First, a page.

The Eclectic

Time moves in one direction, memory in another. – William Gibson

Blogs, cataloging, the beast and my son’s tongue

Posted by David Leslie on August 3, 2004

As you may or may not know, I work for OCLC where we maintain one of, if not the largest bibliographic catalog in the world, WorldCat. Keep this in the buffer since I need to digress a bit and show you how 4 things completely unrelated to each other fuse into what I hope is an interesting question for folks in the information sciences.

Now the other night I was sitting back and thinking about the conflicting advice my wife and I had gotten about our son’s tongue.

See, John is tongue tied (yes, its not just a figure of speech) and the question was one of cut it or leave it be. We got nurses telling us to cut or he won’t be able to breast feed while the Doctors are telling us if the cut isn’t done right, his tongue could be paralyzed. So we opted to wait since he could in fact breast feed. 15 months later, this question is still nagging at us, especially since he’s starting to make sounds and being tongue tied could lead to a speech impediment. So we took him to see Dr. Darryl Willett, one of the best Ear Nose and Throat surgeons in Columbus and the man who stopped my snoring thanks to his “el grande” surgery that laid me low for two solid weeks. Doc said if he was still an infant, he take John in the back, snip the tongue in about 3 sec, 2 minutes to stich the cuts and off we go. But now since John is a toddler, we’d have to knock him out. So the best thing would be to wait to see if the speech is impacted and if it is, then we snip.

Later I got to thinking about this whole mess with all its conflicting information, lack of a clear place to turn to for knowledge and how these decisions would impact my son’s life. I saw this as fodder for a science fiction short story that has been kicking around in me for years about life post bio weapon attack. I wanted to do it as a blog with links to web sites which would pull the reader deeper into the world that the story takes place in. Then I remember that something like this was done much in a much cooler way that I could ever dream of.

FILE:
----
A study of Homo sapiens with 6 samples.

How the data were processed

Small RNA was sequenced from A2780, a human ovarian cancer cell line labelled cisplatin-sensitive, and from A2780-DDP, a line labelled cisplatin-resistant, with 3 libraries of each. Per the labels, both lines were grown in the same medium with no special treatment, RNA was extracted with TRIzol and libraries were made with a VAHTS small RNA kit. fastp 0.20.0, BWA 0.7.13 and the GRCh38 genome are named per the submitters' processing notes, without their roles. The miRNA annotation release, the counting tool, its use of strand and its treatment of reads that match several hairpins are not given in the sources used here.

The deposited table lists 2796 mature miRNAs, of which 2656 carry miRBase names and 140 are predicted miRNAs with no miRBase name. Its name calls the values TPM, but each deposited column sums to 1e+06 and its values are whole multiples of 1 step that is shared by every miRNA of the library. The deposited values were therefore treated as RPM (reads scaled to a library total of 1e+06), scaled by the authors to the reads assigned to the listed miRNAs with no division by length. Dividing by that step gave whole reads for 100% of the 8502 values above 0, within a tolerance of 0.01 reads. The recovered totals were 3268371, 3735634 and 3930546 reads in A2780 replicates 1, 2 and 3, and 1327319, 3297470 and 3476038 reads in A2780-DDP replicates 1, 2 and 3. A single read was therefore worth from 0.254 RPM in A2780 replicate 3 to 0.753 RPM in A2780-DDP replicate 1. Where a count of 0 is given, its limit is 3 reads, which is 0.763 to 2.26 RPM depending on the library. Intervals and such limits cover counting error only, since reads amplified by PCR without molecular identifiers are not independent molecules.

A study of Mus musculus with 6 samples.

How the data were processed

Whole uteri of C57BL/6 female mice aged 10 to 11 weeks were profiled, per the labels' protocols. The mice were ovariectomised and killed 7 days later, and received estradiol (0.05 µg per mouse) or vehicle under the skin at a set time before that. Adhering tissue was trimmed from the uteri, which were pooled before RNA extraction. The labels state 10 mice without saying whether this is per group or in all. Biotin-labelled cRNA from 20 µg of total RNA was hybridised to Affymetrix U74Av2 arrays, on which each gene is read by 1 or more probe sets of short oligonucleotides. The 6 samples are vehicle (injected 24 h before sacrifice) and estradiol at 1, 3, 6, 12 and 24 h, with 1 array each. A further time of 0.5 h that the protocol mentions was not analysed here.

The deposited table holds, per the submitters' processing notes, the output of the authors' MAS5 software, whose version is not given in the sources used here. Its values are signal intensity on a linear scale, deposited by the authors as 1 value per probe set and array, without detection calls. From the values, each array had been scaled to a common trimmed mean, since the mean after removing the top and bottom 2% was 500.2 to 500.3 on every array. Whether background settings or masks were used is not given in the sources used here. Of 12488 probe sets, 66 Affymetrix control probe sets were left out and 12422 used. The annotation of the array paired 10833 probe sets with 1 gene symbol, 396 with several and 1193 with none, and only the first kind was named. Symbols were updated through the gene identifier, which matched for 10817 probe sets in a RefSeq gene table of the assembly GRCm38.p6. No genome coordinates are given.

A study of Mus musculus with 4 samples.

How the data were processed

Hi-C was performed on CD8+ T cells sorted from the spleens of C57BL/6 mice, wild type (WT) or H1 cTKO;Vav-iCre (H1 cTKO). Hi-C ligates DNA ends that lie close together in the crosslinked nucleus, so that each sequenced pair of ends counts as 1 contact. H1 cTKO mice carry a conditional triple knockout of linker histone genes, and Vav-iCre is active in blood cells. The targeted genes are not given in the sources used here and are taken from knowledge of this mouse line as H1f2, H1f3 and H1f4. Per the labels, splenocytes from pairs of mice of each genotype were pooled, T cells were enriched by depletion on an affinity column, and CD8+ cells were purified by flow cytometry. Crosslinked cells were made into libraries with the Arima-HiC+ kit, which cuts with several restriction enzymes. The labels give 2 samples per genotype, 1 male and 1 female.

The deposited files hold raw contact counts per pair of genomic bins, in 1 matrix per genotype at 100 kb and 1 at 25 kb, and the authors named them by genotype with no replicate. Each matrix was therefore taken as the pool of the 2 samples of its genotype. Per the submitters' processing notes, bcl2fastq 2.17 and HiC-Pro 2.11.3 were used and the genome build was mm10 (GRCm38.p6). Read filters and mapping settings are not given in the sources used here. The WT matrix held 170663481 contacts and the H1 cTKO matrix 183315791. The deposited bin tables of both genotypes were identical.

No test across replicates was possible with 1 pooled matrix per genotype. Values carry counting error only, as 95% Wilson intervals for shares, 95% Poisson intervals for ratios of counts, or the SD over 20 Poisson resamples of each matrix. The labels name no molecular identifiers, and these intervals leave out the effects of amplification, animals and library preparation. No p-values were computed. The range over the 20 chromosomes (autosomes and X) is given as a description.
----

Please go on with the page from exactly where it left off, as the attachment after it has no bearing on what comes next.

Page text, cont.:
For the movie A.I. one of the visionaries in gaming, Jordan Weisman and the folks at Microsoft developed project code name ‘the beast’ to promote the movie. It was a collection of websites seeded across the web with registered domains, working email and voice mail addresses for people and companies based in the world of the movie. The entry point was a strange job title next to a name in the credits for the A.I. trailer. Google that name or that job title and you got the first site which had the basis for the mystery and the first clue / puzzle. The ‘game’ was to find out why a developer at an AI research center was murdered. Figure out the clues and puzzles that pulled you deeper into the world by opening up other sites. At one point they hired an actor to answer one of the phone numbers and give clues since the team never bet on people working together to solve the thing.

Now this is where OCLC and cataloging fit in. How would you catalog something like ‘the beast’? Snap shot of the web page? Won’t work since it could be in constant update mode. At the end of the project? Maybe or maybe not. It could go on with another writer or team. Now throw in blogs for a moment. With more and more mainstream writers turning to blogs like Dave Berry, how does the information sciences preserve this kind of writings for future generations? So feel free to kick in your ideas in the feedback.